Robinson, Fisher impact draft stocks in Senior Bowl

Local Senior Bowl participants, U-M's Denard Robinson and CMU's Eric Fisher, make impact on draft stock.

Denard Robinson, arguably the most electrifying player in college football during his Michigan career, still has time to prove he can be converted into a productive receiver/return specialist in the NFL.

The Draft is still 12 weeks away.

But based on his performance last week at the Senior Bowl, Robinson has a long way to go. He needs to get healthy and prove he can catch the ball consistently.

At this point, he'd probably be a late-round pick.

Central Michigan offensive tackle Eric Fisher, on the other hand, made believers out of the pro scouts in Mobile, Ala.

With  the way he dominated, Fisher erased any doubts over whether he can compete regularly against top competition after playing in the Mid-American Conference.

Fisher was so impressive that he basically assured himself of becoming the second offensive tackle taken in the draft. There is even some speculation now about whether Texas A&M's Luke Joeckel, projected as high as the No. 1 pick overall, is actually that much better than Fisher.

Here's a breakdown on how both local players fared last week:

"Shoelace" went up to the North team's coach, Dennis Allen of the Oakland Raiders, and introduced himself as "Denard Robinson, athlete."

Robinson needs to find a position, which is obviously not going to be quarterback in the NFL considering his poor passing ability.

The assumption is that his athleticism could be put to use at wideout and on special teams. However, Robinson dropped a lot of passes and mishandled too many punt and kick returns during the practices.

In Saturday's game, Robinson caught two passes for 22 yards, carried the ball on an end-around once for a 3-yard loss and  then muffed a kickoff deep in the end zone for a touchback.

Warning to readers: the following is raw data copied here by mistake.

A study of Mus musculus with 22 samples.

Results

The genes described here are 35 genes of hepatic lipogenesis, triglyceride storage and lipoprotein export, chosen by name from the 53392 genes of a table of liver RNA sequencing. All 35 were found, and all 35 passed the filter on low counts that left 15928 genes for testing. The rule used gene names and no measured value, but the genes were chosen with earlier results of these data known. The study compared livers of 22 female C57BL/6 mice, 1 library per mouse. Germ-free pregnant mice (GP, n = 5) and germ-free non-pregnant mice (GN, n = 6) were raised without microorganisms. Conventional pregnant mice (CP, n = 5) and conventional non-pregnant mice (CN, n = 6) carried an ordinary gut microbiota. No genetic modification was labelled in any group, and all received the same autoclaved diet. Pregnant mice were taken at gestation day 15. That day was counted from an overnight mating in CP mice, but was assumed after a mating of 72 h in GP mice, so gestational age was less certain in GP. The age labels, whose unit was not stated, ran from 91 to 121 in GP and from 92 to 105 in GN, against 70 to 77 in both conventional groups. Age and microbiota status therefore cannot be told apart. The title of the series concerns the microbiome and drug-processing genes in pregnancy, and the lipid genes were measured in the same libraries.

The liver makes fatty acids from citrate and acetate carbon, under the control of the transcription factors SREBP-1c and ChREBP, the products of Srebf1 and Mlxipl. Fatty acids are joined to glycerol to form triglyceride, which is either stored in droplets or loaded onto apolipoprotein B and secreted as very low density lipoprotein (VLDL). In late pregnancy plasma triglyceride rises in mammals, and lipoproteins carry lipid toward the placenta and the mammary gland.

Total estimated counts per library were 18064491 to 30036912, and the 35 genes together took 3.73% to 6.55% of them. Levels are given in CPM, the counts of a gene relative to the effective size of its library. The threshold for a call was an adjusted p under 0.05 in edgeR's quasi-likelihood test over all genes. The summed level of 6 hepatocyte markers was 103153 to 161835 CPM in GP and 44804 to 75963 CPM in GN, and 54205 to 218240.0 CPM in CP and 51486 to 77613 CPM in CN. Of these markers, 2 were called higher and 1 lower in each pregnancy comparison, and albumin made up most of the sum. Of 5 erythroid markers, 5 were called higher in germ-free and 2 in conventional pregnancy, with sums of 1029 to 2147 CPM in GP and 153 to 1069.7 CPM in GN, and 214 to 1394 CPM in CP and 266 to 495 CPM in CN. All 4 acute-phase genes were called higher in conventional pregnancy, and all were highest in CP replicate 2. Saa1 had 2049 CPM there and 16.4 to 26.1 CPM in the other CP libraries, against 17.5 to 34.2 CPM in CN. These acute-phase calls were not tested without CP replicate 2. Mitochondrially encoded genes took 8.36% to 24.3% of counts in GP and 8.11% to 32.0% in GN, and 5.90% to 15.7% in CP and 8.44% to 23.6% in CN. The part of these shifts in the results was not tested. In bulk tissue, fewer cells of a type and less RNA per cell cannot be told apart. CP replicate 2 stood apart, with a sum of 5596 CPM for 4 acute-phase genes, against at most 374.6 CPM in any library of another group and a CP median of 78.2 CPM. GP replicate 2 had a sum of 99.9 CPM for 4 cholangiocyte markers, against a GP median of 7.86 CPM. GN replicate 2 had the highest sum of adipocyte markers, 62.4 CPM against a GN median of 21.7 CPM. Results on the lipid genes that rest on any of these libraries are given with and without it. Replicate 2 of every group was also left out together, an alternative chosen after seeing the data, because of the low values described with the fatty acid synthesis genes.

Part of his problem is that he's still hampered by the nerve injury in his right elbow that forced him to miss part of his senior year.

Despite his limited playing time Saturday, Robinson was still a popular topic of conversation for NFL Network analysts Mike Mayock and Charles Davis.

Mayock said there's no doubt that Robinson has the quickness and toughness to be a slot receiver in the NFL.

The issue, of course, is Robinson's hands.

"Either you have or you don't ... an ability to snatch the ball in traffic all day long," Mayock said. "That's where I'm worried. I think he can learn routes. I just need to see him catch the ball."

Davis added: "Until he's 100 percent healthy, we may not have an answer."

Davis said that Robinson really struggled when he had to reach out to make catches strictly with his hands as opposed to pulling the ball into his body.

"Hard for him to grip the football," Davis said.

Both Mayock and Davis agreed that Robinson impressed scouts simply with the fact that he showed up and competed under the circumstances.

The question now is whether Robinson's elbow will be healthy enough in a month to show that he can catch the ball consistently at the NFL Scouting Combine.

When he first was being recruited by Central Michigan, Fisher saw a photo of San Francisco 49ers offensive tackle Joe Staley on the wall. It was in recognition of Staley being the only Chippewa ever selected in the first round of the NFL Draft.

Fisher told himself, "I want to be that guy."

Staley was the 28th pick overall by the 49ers in 2007. Fisher almost certainly will be taken even earlier than that on April 25.

He has become that guy.

Mayock put Fisher at the top of the list of players who "made money" at the Senior Bowl, calling him "by far the most impressive player here."

Before last week, Mayock said he was hearing that Fisher was probably a top-20 pick.

"Now he's a top-10 pick," Mayock said. "The kid came here and made four million bucks (on his four-year rookie contract)."

Coming out of Stoney Creek High (Rochester, Mich.), Fisher was about 240 pounds and received only one other scholarship offer, that from Eastern Michigan.

He's now 6-foot-7, 304 pounds and was named third-team All-American by the Associated Press in 2012.

Fisher's draft stock benefited immediately from Michigan offensive tackle Taylor Lewan's decision to return to college for his final year.

Fisher took care of the rest in Mobile. With the way his stock is rising now, a top-5 pick might not be out of the question.